The Home Office has quietly adopted a new plan to allow police across Britain routinely to hack into people’s personal computers without a warrant.
The move, which follows a decision by the European Union’s council of ministers in Brussels, has angered civil liberties groups and opposition MPs. They described it as a sinister extension of the surveillance state which drives “a coach and horses” through privacy laws.
The hacking is known as “remote searching”. It allows police or MI5 officers who may be hundreds of miles away to examine covertly the hard drive of someone’s PC at his home, office or hotel room.
Material gathered in this way includes the content of all e-mails, web-browsing habits and instant messaging.
Under the Brussels edict, police across the EU have been given the green light to expand the implementation of a rarely used power involving warrantless intrusive surveillance of private property. The strategy will allow French, German and other EU forces to ask British officers to hack into someone’s UK computer and pass over any material gleaned.
A remote search can be granted if a senior officer says he “believes” that it is “proportionate” and necessary to prevent or detect serious crime — defined as any offence attracting a jail sentence of more than three years.
However, opposition MPs and civil liberties groups say that the broadening of such intrusive surveillance powers should be regulated by a new act of parliament and court warrants.
They point out that in contrast to the legal safeguards for searching a suspect’s home, police undertaking a remote search do not need to apply to a magistrates’ court for a warrant.
Shami Chakrabarti, director of Liberty, the human rights group, said she would challenge the legal basis of the move. “These are very intrusive powers – as intrusive as someone busting down your door and coming into your home,” she said.
“The public will want this to be controlled by new legislation and judicial authorisation. Without those safeguards it’s a devastating blow to any notion of personal privacy.”
She said the move had parallels with the warrantless police search of the House of Commons office of Damian Green, the Tory MP: “It’s like giving police the power to do a Damian Green every day but to do it without anyone even knowing you were doing it.”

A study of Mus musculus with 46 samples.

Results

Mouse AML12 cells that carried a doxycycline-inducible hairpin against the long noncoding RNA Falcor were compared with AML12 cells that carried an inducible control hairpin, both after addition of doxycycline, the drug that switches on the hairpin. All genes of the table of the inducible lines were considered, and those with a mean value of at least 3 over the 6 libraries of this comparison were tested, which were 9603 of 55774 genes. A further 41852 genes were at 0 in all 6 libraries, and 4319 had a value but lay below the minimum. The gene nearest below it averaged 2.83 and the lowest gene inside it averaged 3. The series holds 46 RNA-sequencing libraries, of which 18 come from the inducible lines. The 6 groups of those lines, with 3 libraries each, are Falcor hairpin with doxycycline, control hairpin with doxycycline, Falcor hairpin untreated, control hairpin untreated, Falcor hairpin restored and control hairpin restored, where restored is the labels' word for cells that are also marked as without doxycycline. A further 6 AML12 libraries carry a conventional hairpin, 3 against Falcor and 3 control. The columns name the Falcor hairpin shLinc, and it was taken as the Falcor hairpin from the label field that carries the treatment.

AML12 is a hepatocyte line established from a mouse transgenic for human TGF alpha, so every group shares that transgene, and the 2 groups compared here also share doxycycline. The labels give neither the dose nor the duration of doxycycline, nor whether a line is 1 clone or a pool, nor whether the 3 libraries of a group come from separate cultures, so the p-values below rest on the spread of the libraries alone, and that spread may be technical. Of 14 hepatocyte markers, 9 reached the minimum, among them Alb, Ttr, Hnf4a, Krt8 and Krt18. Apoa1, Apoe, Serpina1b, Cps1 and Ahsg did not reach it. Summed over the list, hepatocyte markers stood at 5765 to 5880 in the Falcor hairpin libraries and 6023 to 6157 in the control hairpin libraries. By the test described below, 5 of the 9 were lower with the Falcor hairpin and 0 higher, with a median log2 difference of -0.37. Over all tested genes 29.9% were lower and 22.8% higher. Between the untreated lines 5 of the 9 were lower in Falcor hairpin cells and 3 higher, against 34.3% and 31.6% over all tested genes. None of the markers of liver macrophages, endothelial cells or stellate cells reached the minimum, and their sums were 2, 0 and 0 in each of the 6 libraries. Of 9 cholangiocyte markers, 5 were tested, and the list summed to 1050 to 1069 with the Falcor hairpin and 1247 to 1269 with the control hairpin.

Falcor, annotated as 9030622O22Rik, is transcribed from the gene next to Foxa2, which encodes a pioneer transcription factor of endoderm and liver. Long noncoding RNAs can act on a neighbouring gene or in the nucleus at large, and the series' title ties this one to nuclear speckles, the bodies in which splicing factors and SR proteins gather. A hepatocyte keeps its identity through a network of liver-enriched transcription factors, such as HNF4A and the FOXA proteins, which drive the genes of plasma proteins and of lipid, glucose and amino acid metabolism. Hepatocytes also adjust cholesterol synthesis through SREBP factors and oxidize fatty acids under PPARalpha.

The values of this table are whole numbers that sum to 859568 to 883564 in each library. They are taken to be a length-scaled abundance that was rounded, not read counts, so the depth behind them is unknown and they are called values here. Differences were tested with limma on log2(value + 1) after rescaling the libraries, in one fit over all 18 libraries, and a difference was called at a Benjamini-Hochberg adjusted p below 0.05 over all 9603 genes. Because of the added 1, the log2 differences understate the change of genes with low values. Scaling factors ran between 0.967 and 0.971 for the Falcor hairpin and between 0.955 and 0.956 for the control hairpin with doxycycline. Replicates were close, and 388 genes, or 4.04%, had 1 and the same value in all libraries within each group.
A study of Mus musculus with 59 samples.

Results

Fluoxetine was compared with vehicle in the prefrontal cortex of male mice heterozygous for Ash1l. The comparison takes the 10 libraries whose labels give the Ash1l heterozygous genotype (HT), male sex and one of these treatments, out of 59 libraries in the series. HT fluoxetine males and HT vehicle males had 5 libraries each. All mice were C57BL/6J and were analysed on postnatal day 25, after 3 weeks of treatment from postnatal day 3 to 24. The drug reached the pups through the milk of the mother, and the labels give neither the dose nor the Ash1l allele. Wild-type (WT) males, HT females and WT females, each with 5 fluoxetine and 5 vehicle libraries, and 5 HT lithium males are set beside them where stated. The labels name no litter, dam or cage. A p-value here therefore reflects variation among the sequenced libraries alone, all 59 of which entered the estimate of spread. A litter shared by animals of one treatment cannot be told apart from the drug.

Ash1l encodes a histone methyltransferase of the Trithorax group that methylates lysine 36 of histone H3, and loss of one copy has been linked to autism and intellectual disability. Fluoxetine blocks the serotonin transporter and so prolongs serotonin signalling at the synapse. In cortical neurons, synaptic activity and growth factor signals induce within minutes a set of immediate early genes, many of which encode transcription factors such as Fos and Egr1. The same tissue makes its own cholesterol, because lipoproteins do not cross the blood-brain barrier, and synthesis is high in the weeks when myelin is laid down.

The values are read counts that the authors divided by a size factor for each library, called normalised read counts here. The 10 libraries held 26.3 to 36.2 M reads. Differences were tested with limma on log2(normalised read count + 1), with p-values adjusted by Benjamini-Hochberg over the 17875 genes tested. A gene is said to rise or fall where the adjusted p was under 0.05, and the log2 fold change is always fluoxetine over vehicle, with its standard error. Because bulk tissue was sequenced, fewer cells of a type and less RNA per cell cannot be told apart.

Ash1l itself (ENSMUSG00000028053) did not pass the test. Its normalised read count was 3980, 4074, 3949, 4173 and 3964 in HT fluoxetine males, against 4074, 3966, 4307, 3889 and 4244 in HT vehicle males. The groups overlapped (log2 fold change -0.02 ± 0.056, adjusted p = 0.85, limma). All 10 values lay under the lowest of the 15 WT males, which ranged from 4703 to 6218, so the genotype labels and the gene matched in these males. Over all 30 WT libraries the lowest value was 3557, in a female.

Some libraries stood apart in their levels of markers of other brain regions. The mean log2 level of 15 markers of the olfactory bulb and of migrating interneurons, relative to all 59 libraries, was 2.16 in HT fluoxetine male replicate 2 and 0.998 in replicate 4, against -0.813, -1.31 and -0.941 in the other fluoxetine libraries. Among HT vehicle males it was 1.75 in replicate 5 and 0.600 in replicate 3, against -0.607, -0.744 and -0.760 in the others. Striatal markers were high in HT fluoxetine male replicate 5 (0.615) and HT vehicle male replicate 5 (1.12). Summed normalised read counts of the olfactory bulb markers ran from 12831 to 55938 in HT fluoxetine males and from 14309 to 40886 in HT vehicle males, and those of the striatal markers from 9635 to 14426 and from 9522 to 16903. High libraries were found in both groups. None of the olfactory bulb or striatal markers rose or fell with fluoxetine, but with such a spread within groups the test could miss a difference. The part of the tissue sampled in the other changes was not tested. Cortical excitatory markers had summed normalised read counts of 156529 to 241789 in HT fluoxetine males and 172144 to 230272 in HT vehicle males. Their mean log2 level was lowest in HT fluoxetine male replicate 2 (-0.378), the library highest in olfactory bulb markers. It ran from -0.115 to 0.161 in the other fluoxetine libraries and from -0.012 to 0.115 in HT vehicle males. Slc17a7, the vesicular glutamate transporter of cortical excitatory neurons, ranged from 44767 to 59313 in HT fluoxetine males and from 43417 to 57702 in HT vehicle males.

Richard Clayton, a researcher at Cambridge University’s computer laboratory, said that remote searches had been possible since 1994, although they were very rare. An amendment to the Computer Misuse Act 1990 made hacking legal if it was authorised and carried out by the state.
He said the authorities could break into a suspect’s home or office and insert a “key-logging” device into an individual’s computer. This would collect and, if necessary, transmit details of all the suspect’s keystrokes. “It’s just like putting a secret camera in someone’s living room,” he said.
Police might also send an e-mail to a suspect’s computer. The message would include an attachment that contained a virus or “malware”. If the attachment was opened, the remote search facility would be covertly activated. Alternatively, police could park outside a suspect’s home and hack into his or her hard drive using the wireless network.
Police say that such methods are necessary to investigate suspects who use cyberspace to carry out crimes. These include paedophiles, internet fraudsters, identity thieves and terrorists.
The Association of Chief Police Officers (Acpo) said such intrusive surveillance was closely regulated under the Regulation of Investigatory Powers Act. A spokesman said police were already carrying out a small number of these operations which were among 194 clandestine searches last year of people’s homes, offices and hotel bedrooms.
“To be a valid authorisation, the officer giving it must believe that when it is given it is necessary to prevent or detect serious crime and [the] action is proportionate to what it seeks to achieve,” Acpo said.
Dominic Grieve, the shadow home secretary, agreed that the development may benefit law enforcement. But he added: “The exercise of such intrusive powers raises serious privacy issues. The government must explain how they would work in practice and what safeguards will be in place to prevent abuse.”
The Home Office said it was working with other EU states to develop details of the proposals.